I have a friend who has spent a significant amount of time living and working in a third- world country. Often, when I’ve taken an opportunity to complain or show frustration over some relatively trivial problem, such as the Bluetooth speakerphone in my car not working properly, he will look at me with a wry smile (as only a good friend can) and say “I don’t have time for your first-world problems”.
That simple phrase quickly brings me back to reality. I have visited and worked in countries like Kenya, Tanzania, and Haiti – the poorest nation in the world, where 80% of the population lives on less than 2 dollars a day. The poverty there is stark and troubling.
On a recent trip to Haiti, a thunderstorm caused our flight to be re-routed moments before landing. We had to circle for more than an hour before being sent to the Dominican Republic, where we re-fueled, sat on the Tarmac for another hour, and then returned to land in Port au Prince 4 hours behind schedule (I am six feet four inches tall, so I do not like to spend any more time on commercial airplanes than I have to). Landing so late meant missing our ride (and dinner), and waiting for a long time in the dark before finally getting transportation to the mission where we would be staying. It was a long day.
The next morning, we took the rough mountain roads to visit a church in a little town called Calabasse. During the service, a woman walked in who was very distressed. She shared with the congregation that the storm the previous night had destroyed her home, leaving her and her six children with nowhere to sleep. They had lost almost every bit of what little they had.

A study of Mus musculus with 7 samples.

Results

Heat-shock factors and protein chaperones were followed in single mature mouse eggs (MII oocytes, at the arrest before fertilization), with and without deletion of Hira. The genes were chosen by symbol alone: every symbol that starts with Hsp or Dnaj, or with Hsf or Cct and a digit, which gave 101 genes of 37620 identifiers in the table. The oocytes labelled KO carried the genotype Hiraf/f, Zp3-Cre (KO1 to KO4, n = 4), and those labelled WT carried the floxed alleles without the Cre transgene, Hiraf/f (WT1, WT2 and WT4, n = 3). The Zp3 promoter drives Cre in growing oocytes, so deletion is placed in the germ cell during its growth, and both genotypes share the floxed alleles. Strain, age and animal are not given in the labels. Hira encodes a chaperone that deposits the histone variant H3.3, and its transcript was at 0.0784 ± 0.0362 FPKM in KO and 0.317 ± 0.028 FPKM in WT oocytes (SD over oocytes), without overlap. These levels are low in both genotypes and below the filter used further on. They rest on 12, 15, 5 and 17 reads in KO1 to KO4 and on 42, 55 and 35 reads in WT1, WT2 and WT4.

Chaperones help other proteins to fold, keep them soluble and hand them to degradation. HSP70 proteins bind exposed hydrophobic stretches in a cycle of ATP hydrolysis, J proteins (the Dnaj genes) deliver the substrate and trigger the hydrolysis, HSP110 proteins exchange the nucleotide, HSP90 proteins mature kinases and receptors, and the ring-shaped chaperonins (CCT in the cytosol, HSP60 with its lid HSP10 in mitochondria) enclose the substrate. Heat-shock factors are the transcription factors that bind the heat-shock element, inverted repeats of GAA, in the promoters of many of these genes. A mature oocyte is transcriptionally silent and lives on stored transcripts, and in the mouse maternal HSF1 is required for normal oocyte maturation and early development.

My heart sank as I remembered myself begrudgingly sitting on that air conditioned airplane, watching a movie on my iPad, and wondering how long the very inconvenient storm was going to delay us. Not once did I imagine that the storm had impacted another person in a way much more severe than it did me, or that the tight and uncomfortable seat on that airplane might be one of the most safe and comfortable places to be at that moment.
How easily we forget that so many of the problems we have are simply side effects of the blessings in our lives. Whether it’s a delayed flight, a difficult client, or a slow Internet connection – these are all symptoms of a life filled with blessings, and a set of problems that millions of people would gladly trade theirs for.
A week or so later, I had returned from that impactful trip and was re-engaging in my usual work routine, including the daily commute. I was on the way home when I received a call from a friend – “What are you up to?” he asked.
“Sitting in traffic” I replied. And then, remembering my trip, quickly added “…being thankful.”
“For what?” he asked.
“I’m thankful that I have first-world problems.”